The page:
What Does the Brexit Mean to You?
And What Does it Mean for Britain
Voters in the United Kingdom chose to Brexit from the European Union (EU) late Thursday, June 23. The “Brexiters” (those who voted in favor of leaving the EU) were victorious, snatching 52 percent of the vote and setting Britain on a historic path to be the first country ever to do so.
Stock markets reacted swiftly to the news. Asian exchanges, which were open as the results came in, fell sharply with Japan’s Nikkei 225 Average down as much as 8 percent and China’s Shanghai Composite lower by 1.3 percent. European markets opened the morning off as well. German and French stocks are down 6.8 percent and 8.5 percent, respectively. Financial companies and banks, especially those in Europe, have been the hardest hit with some down as much as 25 percent. Furthermore, our domestic stock markets pointed to a Friday morning open down more than 2.5 percent.
The bank of England, the central bank for Britain, has promised 250 billion pound sterling to ease the markets. This will help create liquidity for the embattled currency. This had a somewhat calming effect and helped bring many off their intraday lows. However, global equities are still trading sharply lower than their previous close as is the British pound. The pound sterling was off as much as 11 percent yesterday before rebounding to close down 6 percent.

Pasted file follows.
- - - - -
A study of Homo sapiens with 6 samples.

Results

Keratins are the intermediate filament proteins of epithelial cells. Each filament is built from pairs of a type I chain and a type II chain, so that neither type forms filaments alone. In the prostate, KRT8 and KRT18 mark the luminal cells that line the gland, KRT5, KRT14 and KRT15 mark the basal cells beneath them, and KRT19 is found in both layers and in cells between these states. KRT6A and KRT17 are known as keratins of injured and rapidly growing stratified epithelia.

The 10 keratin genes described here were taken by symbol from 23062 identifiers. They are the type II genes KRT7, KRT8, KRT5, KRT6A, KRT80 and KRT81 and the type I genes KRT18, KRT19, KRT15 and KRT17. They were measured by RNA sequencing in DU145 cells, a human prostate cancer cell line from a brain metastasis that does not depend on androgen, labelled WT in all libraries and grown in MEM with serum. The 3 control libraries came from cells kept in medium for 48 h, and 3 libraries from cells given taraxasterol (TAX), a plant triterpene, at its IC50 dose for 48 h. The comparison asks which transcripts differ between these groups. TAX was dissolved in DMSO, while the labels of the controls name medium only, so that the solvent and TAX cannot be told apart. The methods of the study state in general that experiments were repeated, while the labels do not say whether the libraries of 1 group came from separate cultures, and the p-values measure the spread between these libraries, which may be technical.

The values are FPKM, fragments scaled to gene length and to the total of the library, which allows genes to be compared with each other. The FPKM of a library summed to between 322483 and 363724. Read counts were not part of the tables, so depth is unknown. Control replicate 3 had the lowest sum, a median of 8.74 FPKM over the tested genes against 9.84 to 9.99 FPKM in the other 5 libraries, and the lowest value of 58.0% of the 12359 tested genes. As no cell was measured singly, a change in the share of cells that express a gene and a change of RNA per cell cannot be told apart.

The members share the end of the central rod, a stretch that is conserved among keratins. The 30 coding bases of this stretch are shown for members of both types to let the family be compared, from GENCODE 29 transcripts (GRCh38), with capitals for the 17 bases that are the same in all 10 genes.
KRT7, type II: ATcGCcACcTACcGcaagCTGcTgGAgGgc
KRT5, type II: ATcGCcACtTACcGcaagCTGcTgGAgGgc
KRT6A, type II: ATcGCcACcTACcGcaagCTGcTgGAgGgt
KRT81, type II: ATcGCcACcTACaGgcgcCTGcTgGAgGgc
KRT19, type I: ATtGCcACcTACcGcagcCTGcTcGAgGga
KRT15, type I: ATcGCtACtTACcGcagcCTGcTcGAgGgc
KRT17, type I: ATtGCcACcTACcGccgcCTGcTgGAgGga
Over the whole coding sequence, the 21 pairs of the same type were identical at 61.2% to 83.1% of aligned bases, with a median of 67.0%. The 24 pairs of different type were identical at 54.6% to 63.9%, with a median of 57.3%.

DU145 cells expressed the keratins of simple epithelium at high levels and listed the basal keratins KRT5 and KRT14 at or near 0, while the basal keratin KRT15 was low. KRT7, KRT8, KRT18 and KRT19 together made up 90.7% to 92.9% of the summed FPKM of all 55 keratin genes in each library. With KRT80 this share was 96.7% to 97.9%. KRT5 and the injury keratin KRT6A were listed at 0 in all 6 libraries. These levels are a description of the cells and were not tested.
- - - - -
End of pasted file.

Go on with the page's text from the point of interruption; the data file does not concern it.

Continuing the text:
How will the Markets React?
In the short-term, we expect volatility to spike as investors reassess the global markets. Britain is already experiencing political fallout with the Prime Minister, David Cameron, announcing his resignation. However, he will stay in office for a few more months to ensure a smooth transition. The vote is historic and U.K. politicians have every intention of honoring the vote. However, while going through with the “Brexit,” the U.K. is still technically part of the EU and must abide by its rules and regulations until the separation is finalized.
In the intermediate-term, much work is ahead in Britain. Trade agreements, treaties, and many regulations must be renegotiated and reworked. The U.K. economy and markets should experience significant volatility. The government will seek to reestablish its global relationships and put the country on the best possible path going forward.
Long-term, the future of the EU is much more in doubt than it was two days ago. Whether the British know it or not, they are being watched very closely by other members of the EU to see how they weather the coming months and years. If they are successful in their separation, they could be paving the way for other countries to leave as well.
We are watching the markets closely and will continue to do so, providing updates as it relates to U.K.’s economic future and what this means for investors in general. Although events such as these are impossible to time, we continue to stand by the benefits of a comprehensive wealth plan as well as the process we follow in volatile situations such as these.